Anime Review: Megalo Box

Megalo Box (メガロボクス Megaro Bokusu) is a 2018 anime television series created in commemoration of the 50th anniversary of the manga Ashita no Joe. It is produced by the studio TMS Entertainment, who also produced the second Ashita no Joe anime in 1980. The head of production is director Yō Moriyama, working with screenwriters Katsuhiko Manabe and Kensaku Kojima, with music composed by hip-hop artist Mabanua. The series is simulcast on Crunchyroll. The series was licensed by Viz Media for an English release and began airing on the Toonami block on December 8, 2018.

A few weeks back, I was flipping through the channels on the Pluto app before eventually deciding to just watch whatever was on their anime channel. What I saw as a skinny dude with an Afro boxing with a chunky American while they both wore these strange contraptions called “gears”. The animation style caught my eye and the music caught my ear. Next thing I knew the episode was over, and I could no longer look up the show’s name.

So I got online and searched for “boxing anime”, and after filtering out Hajime no Ippo I was finally able to find the name Megalo Box. And whether they intended to create a Cowboy Bebop/Samurai Champloo/Redline/Rock ‘Em Sock ‘Em Robots crossbreed or not, I was hooked. Granted, while some time has passed and I admittedly don’t love this show like I do those titles, I think it’s an anime worth checking out.


“To be quiet and do as you’re told, that’s the cowardly choice.” These are the words of Junk Dog, an underground fighter of Megalo Box, an evolution of boxing that utilizes mechanical limbs known as Gear to enhance the speed and power of its users. Despite the young man’s brimming potential as a boxer, the illegal nature of his participation forces him to make a living off of throwing matches as dictated by his boss Gansaku Nanbu. However, this all changes when the Megalo Box champion Yuuri enters his shabby ring under the guise of just another challenger. Taken out in a single round, Junk Dog is left with a challenge: “If you’re serious about fighting me again, then fight your way up to me and my ring.”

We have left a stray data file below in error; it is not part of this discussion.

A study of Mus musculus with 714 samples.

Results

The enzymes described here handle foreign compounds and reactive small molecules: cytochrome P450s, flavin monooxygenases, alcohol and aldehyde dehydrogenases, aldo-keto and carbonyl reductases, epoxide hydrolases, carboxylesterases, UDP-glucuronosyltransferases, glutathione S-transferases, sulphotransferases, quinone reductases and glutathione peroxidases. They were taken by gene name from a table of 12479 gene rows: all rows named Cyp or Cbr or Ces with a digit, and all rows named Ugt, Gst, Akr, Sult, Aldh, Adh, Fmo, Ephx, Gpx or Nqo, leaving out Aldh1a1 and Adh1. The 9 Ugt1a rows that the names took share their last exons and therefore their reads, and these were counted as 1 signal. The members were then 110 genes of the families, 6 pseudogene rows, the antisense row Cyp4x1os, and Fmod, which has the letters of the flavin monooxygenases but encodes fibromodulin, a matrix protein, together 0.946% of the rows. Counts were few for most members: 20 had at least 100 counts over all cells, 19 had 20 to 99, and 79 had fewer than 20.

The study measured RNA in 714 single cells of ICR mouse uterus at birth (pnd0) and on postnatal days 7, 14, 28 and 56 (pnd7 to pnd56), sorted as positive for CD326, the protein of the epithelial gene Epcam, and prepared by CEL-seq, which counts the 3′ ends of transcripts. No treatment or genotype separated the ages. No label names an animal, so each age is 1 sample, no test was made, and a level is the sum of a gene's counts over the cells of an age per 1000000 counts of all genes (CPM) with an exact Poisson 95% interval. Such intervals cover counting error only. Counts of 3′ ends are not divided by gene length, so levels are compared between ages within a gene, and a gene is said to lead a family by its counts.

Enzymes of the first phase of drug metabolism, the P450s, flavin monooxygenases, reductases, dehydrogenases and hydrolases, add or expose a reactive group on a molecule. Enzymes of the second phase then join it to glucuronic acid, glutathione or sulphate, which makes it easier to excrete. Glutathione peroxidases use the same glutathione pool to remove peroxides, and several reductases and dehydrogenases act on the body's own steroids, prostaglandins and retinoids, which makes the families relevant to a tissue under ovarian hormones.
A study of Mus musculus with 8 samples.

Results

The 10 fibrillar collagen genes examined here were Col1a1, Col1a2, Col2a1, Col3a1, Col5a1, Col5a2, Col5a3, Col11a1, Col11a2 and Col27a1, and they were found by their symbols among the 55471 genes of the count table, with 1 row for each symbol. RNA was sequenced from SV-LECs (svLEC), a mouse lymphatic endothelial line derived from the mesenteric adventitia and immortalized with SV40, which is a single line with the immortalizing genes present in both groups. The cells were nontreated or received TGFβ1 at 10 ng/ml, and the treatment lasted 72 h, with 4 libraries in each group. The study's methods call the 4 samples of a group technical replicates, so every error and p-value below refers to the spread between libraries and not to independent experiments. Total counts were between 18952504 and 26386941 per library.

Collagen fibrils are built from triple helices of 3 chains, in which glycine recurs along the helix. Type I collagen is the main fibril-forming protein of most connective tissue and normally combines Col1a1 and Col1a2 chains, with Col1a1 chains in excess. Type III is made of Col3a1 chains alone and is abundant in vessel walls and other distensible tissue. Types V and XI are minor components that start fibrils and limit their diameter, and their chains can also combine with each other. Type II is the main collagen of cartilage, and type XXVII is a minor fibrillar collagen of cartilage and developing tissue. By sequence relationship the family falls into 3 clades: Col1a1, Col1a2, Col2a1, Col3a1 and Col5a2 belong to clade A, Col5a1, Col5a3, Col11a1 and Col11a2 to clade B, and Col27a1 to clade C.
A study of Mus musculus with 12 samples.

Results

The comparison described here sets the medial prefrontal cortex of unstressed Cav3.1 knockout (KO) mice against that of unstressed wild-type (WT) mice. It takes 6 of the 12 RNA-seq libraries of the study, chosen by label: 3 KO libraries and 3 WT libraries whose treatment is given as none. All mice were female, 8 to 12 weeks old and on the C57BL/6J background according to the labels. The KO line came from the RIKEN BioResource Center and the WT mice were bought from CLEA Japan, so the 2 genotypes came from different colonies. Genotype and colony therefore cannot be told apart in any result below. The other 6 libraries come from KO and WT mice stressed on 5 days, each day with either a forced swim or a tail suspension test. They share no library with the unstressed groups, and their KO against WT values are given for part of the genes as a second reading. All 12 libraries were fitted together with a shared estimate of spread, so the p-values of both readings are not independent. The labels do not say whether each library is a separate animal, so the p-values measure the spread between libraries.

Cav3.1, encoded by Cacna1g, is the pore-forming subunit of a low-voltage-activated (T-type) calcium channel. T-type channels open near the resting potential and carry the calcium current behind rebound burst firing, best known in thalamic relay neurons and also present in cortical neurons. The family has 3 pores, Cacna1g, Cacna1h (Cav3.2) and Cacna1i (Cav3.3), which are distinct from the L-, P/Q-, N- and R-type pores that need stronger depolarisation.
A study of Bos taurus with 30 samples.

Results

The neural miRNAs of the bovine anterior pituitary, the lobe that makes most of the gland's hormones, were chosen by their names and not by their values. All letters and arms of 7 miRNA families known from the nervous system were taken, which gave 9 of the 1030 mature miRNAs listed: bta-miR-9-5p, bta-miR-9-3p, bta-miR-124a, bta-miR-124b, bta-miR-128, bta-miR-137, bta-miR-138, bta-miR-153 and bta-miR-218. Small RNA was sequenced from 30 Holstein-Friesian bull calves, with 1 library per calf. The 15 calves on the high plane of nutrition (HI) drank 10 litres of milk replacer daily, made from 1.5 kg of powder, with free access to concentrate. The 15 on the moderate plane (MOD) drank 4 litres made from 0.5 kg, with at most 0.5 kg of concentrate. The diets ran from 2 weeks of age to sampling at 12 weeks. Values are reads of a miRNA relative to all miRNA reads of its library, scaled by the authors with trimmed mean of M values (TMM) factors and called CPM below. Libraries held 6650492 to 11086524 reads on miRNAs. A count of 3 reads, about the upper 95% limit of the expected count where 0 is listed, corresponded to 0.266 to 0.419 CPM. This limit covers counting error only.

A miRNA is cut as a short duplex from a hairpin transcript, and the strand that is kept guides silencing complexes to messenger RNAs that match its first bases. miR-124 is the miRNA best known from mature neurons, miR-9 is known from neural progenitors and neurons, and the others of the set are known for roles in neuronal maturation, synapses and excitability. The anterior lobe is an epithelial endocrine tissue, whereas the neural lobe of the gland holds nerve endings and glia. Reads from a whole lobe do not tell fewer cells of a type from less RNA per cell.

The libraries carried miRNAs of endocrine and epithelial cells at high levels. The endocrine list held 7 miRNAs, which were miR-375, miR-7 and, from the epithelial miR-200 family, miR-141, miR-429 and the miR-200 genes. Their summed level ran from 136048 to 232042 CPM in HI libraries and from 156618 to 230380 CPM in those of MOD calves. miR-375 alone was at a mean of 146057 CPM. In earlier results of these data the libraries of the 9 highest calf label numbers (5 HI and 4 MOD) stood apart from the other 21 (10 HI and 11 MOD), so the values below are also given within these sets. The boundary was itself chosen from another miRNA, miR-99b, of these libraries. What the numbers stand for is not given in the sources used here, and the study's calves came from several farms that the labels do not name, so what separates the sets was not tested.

Filled with overwhelming excitement and backed by the criminal syndicate responsible for his thrown matches, Junk Dog enters Megalonia: a world-spanning tournament that will decide the strongest Megalo Boxer of them all. Having no name of his own, he takes on the moniker of “Joe” as he begins his climb from the very bottom of the ranked list of fighters. With only three months left to qualify, Joe must face off against opponents the likes of which he has never fought in order to meet the challenge of his rival. – [Written by MAL Rewrite]

While the story of Megalo Box is thrilling and entertaining, it’s far from original on all fronts. In fact, you could probably tell it was the spiritual successor to Ashita no Joe without having seen it (which admittedly I haven’t, so please tell me if I’m wrong here). But at the end of the day it’s an underdog story that you’ve either got to get behind or you won’t really enjoy it.

Art and Music: 4/5

THE HYPE IS REAL WITH THIS ONE!

If you like a show you can watch for the badass action scenes and hype music, then you’ve got to watch Megalo Box. I don’t often get into sports anime with the exception of The Prince of Tennis, but this show practically pumps adrenaline into your veins with every episode. Half the time I feel like I’m watching a classic from the 80s or early 90s with some of the slick animation and energetic beats.



Overall, Megalo Box is a cool watch that I would recommend over most of the seasonal lineup. It’s a quick 13 episodes with 3 specials on the Blu-ray that go by just like that. It wraps up very cleanly, but some have shared their problems with the ending which is understandable. It seemed a little anti-climatic in the final moments, but it doesn’t ruin the show for me.

Anyway, what did you think of the show?